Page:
Palm Pre Sees 1 Million App Downloads

The Palm Pre's App Catalog is far behind Apple's App Store, but Palm could see a flood of interest once its SDK is released.

Palm 'Pre' Smartphone

Palm 'Pre' Smartphone
(click for larger image)

Palm Pre users are eagerly adding mobile applications to their smartphones, and have downloaded more than a million apps, according to data from Medialets.

The touch-screen Pre was launched earlier this month as an exclusive Sprint handset, and analysts estimate that more than 150,000 units have been shipped. One of the most appealing features of the handset is the webOS operating system, which ties together content from multiple Web services into a finger-friendly interface.

While the handset generally has received good reviews, one complaint is that the App Catalog doesn't offer a large selection of mobile programs, particularly compared to Apple's App Store which has over 50,000 programs and 1 billion downloads. It may be a bit unfair to compare the two though, Medialets said, because Apple has had more than a year to build its portfolio of applications.

Medialets compared when the iPhone hit the million-download mark and found the App Store had more than 16 times the number of programs than Palm's App Catalog. Additionally, for the same period in the iPhone's lifecycle, Apple had more than 26 times the potential audience than Palm does.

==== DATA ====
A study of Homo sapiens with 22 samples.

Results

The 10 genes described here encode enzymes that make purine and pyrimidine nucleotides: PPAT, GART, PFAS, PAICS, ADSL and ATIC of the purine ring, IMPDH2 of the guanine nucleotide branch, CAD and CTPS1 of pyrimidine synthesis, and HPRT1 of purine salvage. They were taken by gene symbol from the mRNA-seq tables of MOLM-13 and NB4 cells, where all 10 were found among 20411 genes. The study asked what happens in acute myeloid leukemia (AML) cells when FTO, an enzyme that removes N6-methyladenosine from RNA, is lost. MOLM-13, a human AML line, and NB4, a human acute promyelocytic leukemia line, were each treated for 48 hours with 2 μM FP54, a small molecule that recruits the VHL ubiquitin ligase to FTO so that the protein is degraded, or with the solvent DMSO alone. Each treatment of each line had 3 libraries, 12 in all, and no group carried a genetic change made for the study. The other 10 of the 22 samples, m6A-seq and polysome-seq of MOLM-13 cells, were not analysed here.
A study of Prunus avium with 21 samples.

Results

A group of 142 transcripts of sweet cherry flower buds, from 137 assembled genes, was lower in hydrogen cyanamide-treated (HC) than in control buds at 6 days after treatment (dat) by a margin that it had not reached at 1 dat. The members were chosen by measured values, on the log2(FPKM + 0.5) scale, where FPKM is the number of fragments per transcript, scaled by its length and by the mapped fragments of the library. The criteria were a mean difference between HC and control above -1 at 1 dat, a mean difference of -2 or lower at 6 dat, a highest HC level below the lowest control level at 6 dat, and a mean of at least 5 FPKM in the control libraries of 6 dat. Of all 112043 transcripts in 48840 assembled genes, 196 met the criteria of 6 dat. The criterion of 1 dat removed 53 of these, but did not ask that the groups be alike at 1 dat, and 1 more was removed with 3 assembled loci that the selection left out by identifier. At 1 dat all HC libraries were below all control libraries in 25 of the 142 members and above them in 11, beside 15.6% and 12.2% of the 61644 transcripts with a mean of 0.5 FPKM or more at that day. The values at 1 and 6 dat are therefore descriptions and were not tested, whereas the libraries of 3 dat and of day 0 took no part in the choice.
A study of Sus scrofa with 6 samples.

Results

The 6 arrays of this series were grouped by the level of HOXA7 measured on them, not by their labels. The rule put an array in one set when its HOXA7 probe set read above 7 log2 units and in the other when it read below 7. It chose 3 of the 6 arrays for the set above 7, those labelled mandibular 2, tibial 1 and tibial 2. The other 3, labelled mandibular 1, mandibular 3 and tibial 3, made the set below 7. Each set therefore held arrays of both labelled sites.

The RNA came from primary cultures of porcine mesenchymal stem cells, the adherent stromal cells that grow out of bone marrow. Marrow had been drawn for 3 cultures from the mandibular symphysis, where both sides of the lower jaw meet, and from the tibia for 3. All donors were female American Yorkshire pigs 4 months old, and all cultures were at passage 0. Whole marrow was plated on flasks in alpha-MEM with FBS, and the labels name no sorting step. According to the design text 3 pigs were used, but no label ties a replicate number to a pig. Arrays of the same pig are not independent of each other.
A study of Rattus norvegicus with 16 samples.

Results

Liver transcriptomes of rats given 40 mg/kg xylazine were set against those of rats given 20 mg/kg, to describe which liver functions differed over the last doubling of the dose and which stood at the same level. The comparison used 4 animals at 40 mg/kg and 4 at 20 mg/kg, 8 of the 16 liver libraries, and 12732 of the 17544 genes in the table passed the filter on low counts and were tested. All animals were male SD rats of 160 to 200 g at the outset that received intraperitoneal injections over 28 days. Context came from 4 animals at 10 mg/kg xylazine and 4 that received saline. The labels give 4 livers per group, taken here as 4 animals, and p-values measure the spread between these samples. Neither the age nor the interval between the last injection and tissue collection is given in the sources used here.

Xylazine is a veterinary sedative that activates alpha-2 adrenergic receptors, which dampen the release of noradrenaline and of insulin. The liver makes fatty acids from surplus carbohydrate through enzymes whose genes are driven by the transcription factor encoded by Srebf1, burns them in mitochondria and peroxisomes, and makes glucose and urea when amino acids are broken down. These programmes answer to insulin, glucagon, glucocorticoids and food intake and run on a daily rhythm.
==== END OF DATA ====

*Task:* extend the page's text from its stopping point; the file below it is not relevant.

While webOS may never catch up to the App Store in sheer numbers, Medialets said the pace at which Pre users download apps could be an encouraging sign for Palm.

"Still comparing at the 1 million mark, the average Palm Pre user had downloaded 26 times the number of apps that iPhone users had, and the average app in the App Catalog experienced 16 times the number of downloads that apps in the App Store had experienced," Medialets wrote in a blog.

Palm also hasn't released an official software development kit, which limits how many developers can create programs for the App Catalog. The company is expecting to have this out by the end of summer, and the operating system's reliance on HTML, CSS, JavaScript, and other Web standards could make it an attractive target for Web developers.

Most companies are just starting the hard work of mobilizing workforces by bringing the software they use to smartphones. InformationWeek analyzed this issue in an independent report, and it can be downloaded here (registration required).